On July 16th, a 24 year old man attacked 2 military sites in Tennessee with a gun, killing 4 people before dying himself. A month earlier, on June 17th, a 21 year old man shot 9 worshippers at an historic Black church in South Carolina, and fled the scene before being arrested the next day. According to media reports, both perpetrators are young men who have had trouble finding a productive direction for their lives and may have had substance use problems. And in both cases their visible social circles did not expect or support their turn to violence. In addition, these young men reportedly come from families that do not share their political or religious beliefs; Mohammod Abdulazeez’s family has assimilated to American society while maintaining Muslim practices, and Dylann Roof’s parents and grandparents live comfortably in racially diverse contexts.
Despite the personal similarities, these two instances of lethal violence have been characterized in the media and national discourse in very different ways. The language of terrorism and search for ties to Muslim movements in the Middle East has come into play immediately in the Abdulazeez case, although (as of this writing) it is still unclear how this will unfold. In contrast, the language of “hate” quickly dominated in regard to Roof, in the context of growing evidence of connections to White supremacist organizations.
In legal terms, both ‘terrorism’ and ‘hate crime’ are additions to existing charges, and bring enhanced penalties in the event of conviction. In cultural terms, these are two very different frameworks for motivation, particularly in regard to political context for action.
Setting aside legal technicalities, hatred is an emotion while terrorism is intrinsically a political act. Hatred may be a motivation for action, including actions classifiable as terrorism, but the language of emotion focuses our attention on the individual and his/her inner life. In regard to Dylann Roof’s assault on the Emmanuel AME church, the language of ‘hatred’ certainly reflects the emotions many Americans associate with the racist symbols Roof used, but it deflects attention away from the profoundly political structure of White violence against African Americans throughout U.S. history.
The FBI defines terrorism as violent or dangerous acts that appear intended to intimidate or coerce a civilian population, or to influence policy and/or conduct of government. It is still unclear what motivated the assault on two military sites, but a solo young man armed with a gun has little ability to influence government to act according to his beliefs. The assassination of nine worshippers at an historically significant Black church on a day with particular resonance for that church has a much greater potential to “intimidate or coerce a civilian population,” regardless of whether or not Roof was acting at the direction of established White supremacist organizations. His actions exist in an historical continuum of White violence against Black communities – with both the motivation and consequence of intimidation, marginalization, and coercion of various kinds. The rash of arsons at Black churches in the weeks that followed provides a concrete reminder of the ways that individual actions embody collective processes, regardless of whether the individuals involved coordinate their actions.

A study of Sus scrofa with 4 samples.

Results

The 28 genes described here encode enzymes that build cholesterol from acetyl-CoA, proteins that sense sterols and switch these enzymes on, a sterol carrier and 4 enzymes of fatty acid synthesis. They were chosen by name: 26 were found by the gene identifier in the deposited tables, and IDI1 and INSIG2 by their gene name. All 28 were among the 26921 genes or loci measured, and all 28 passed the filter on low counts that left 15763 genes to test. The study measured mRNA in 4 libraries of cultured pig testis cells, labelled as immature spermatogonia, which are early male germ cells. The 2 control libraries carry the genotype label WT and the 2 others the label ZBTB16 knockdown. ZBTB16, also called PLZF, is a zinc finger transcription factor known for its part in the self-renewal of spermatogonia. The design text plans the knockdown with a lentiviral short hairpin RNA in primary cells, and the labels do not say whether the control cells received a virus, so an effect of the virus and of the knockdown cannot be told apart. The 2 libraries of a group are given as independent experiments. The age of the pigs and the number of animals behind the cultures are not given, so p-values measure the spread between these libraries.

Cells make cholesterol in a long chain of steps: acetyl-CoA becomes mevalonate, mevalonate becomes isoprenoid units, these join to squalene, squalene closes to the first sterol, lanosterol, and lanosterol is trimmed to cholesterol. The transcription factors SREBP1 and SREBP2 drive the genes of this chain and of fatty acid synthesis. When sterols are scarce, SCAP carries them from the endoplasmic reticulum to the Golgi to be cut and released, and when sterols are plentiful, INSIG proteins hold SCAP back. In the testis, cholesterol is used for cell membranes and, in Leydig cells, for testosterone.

The category of ‘terrorism’ has expanded and been used in profoundly problematic ways over the past 20 years, with camping trips redefined as jihadi training and pervasive surveillance of ordinary life in Muslim communities. However, we need to carefully scrutinize how use of the word ‘hatred’ can obscure political violence. The systematic assaults on African American communities now and in the past may or may not reflect personal hatred, but they have unambiguously political motivations as well as consequences. The language of hatred obscures political and historical context by directing attention to the personal situation and emotions of specific perpetrators, a process that individualizes actions that follow clear systemic patterns. Dylann Roof’s online manifesto and website provide more evidence of political beliefs, however repulsive, than of personal animosity.
In my recent research report “Terror Network or Lone Wolf” in The Public Eye magazine, I argue that the “lone wolf” label obscures substantial evidence of movement affiliations among the vast majority of right-wing terrorists who act alone or with one other person:
Research has shown that, at the time they engage in political violence, the majority of so-called lone wolves are over 30 years old, and have had significant histories of participation in Hard Right movements.
While Roof is younger and less experienced than this profile would predict, his writing, photographs, and even his words in the church before the shooting place him solidly inside an extended lineage of White racist violence which includes lynchings, the KKK, and countless assaults on Black churches and ministers. Roof told the worshippers at Emmanuel AME church that one of the reasons he was going to shoot them was because Black men rape White women, an accusation with a horrifying history in relation to lynching. The recent film Selma depicts the horrific 1963 bombing of a Birmingham church that killed 4 young girls, providing a visceral reminder of the use of assaults on Black churches as a tactic to instill fear in Black activists and communities.
“Terrorism” may or may not prove to be a useful framework or label for the actions of Dylann Roof and other violent White supremacists, but “hatred” is clearly inadequate as an explanation for recurrent patterns of action that span decades, if not centuries. We should also question whether “terrorism” is the most useful or accurate label for the actions of a young Muslim with a complicated family history and well-documented substance abuse and mental health issues.